12 questions to ask candidates during the job interview

There are certain questions you must ask a candidate during the job interview, like “Tell me about yourself” and “Why would you be a good fit for this role?”

If you’re wondering what else to ask to get some good insight into a job candidate, here are 12 questions to ask during the interview with explanations as to what type of information you might hope to glean from asking them.

 What professional achievement are you proudest of to date?

This gives you an idea of what qualifies as important to the candidate, as well as what qualifies as an achievement. It might also give you an idea of the size of their ego, and the type of challenges they’re willing to take on.

Tell me about a time when you solved a problem or overcame a challenge.

Get them to walk you through it a bit. How was the challenge overcome? Was it big? Was it small? What does a “challenge” mean for this candidate? How do their problem solving skills stack up?

 Tell me about a difficult decision you’ve had to make.

Again, get them to walk you through it. Why was the decision difficult and what does this tell you about the candidate’s decision making skills?

What could you give a 30 minute presentation on with no notes?

This may or may not be a professional topic. Ideally, they’d give you something job related and add something else non-job related, to give you some insight into their personality and what drives them.

Who do you most admire and why?

Watch the candidate’s face when they talk about the person they admire. Do they get excited and light up, or otherwise show that this person means something to them? You can tell a lot about a person by who they admire – and how excited they get about it. Ask yourself what the candidate’s choice says to you.

Can you describe your ideal workplace?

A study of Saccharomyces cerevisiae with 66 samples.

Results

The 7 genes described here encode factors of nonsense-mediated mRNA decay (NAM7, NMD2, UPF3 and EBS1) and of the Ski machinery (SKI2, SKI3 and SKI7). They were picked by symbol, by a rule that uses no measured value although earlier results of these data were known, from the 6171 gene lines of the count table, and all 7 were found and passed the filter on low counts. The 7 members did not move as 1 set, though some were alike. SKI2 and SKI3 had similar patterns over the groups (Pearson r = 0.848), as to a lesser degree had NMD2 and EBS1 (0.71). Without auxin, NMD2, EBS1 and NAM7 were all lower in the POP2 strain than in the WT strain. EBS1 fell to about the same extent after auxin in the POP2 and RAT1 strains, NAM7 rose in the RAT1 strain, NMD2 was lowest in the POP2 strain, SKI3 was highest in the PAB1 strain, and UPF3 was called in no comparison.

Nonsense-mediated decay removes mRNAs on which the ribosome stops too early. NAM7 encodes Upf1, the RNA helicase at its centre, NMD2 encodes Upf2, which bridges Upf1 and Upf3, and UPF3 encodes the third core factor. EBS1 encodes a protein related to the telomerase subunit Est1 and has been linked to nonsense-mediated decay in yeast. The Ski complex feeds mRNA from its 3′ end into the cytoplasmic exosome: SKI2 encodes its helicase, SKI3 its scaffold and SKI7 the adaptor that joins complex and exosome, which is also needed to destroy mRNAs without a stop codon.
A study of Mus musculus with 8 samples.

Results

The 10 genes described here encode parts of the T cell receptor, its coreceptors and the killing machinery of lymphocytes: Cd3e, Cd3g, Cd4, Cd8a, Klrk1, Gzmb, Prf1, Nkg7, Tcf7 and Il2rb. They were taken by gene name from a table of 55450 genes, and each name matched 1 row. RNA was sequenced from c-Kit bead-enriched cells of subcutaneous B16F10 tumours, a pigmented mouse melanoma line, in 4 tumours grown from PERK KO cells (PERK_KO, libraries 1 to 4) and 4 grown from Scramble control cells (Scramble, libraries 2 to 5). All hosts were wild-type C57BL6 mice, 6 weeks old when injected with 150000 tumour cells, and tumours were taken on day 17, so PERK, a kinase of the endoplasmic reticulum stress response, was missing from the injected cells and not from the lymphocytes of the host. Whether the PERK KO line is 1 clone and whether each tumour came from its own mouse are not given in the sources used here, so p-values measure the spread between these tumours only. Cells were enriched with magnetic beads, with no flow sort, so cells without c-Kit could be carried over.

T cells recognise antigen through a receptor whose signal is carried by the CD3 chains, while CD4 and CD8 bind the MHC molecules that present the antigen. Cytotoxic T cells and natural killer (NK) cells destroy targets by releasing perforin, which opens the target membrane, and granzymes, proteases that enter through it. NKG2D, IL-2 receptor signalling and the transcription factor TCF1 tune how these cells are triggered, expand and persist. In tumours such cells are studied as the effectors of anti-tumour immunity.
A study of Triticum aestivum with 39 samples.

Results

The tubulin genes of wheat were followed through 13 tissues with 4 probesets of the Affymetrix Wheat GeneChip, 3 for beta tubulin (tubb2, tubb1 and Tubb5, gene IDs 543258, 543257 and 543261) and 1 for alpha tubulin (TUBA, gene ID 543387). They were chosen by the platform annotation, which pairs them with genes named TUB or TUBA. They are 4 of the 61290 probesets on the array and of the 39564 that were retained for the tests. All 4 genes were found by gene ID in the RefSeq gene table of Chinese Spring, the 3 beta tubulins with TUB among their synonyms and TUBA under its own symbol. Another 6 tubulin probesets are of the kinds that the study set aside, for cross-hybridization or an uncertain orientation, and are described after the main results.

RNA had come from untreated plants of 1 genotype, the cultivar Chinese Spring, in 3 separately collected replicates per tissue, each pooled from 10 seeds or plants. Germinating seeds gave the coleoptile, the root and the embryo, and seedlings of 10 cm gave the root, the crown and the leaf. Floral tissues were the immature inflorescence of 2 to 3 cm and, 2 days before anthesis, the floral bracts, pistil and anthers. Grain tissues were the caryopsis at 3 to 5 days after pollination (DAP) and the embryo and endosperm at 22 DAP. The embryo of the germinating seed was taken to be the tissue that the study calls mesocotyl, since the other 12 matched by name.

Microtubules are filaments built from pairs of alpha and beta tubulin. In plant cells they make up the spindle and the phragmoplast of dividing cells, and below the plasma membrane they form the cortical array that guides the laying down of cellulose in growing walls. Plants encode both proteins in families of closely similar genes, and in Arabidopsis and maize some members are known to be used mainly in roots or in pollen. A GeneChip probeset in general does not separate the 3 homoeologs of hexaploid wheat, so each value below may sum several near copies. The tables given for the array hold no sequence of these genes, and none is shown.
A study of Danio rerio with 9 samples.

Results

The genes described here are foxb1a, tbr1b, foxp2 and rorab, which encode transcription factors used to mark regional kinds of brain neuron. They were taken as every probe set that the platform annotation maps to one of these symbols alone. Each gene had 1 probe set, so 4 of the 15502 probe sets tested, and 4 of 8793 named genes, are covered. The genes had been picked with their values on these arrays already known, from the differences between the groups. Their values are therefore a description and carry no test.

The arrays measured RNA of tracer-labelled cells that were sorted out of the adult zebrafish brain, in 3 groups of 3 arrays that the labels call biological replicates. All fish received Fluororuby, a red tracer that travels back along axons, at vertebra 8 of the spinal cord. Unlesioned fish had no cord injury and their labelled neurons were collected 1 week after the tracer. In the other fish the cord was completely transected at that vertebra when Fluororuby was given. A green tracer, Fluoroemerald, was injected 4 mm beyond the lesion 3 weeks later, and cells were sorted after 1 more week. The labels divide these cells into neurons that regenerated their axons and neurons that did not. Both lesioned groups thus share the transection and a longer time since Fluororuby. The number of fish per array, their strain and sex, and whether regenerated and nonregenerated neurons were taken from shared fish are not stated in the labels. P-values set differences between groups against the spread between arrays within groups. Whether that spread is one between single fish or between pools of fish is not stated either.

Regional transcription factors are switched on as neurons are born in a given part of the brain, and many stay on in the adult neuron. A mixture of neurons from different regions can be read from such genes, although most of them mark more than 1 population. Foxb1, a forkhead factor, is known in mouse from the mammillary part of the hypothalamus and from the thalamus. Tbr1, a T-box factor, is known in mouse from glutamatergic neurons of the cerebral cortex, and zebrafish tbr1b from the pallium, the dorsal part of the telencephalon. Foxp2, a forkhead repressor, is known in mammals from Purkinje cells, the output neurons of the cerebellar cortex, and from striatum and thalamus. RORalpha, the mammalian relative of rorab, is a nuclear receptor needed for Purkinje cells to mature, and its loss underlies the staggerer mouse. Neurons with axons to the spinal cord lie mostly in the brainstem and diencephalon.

This will help you figure out how the person will fit in with your organization, and whether their expectations are realistic.

Tell me about a time you messed up.

Like all of these questions, this one might not elicit an entirely honest answer. But it should give you an idea of the candidate’s level of self awareness and accountability. Beware of someone who can’t think of anything. That would suggest a pretty low level of self awareness. We all mess up.

What motivates you?

You can also learn a lot about a person by asking them what motivates them. Just hope they don’t say “revenge.”

What frustrates you?

This is another good one for measuring self awareness and honesty. Watch them when they’re talking. When you think about something that genuinely frustrates you, don’t you find yourself getting a little frustrated just thinking about it? Seeing whether this does or does not happen might give you some insight into the candidate’s personality.

What about you could use some improvement?

Beware of stock answers similar to what you might get when asking “what’s your greatest weakness?” If they start talking about their perfectionism, they’re probably telling you what they think you want to hear. On the other hand, you don’t want to hear “My drinking problem and uncontrollable rage” either.

Why should I hire you?

This is where the candidate should be wowing you by breaking down all the value they will bring to your organization.

How would you handle it if a superior disagreed with you about the way to proceed on something, and you were certain that their way would cause problems for the company?

This requires the candidate to do a little thinking on their feet. And it’s the sort of thinking that provides useful insight, rather than just asking a challenging question for its own sake. You’re presenting them with a problem to be solved while navigating hierarchy. So it gives you insight into both their problem solving skills and their diplomacy skills.

For what it’s worth, an interviewer asked me this and I said “In one of two ways: I would either do what I want in spite of what the manager wanted, and when it worked out to their advantage, say nothing. Or, if that was impossible, I would let them do it their way and make sure my opposition was known to everyone involved from the outset.”

In retrospect I’m not sure this was the best answer, but I got the job.

What are your favourite job interview questions and what insight do you think the answers to them provide?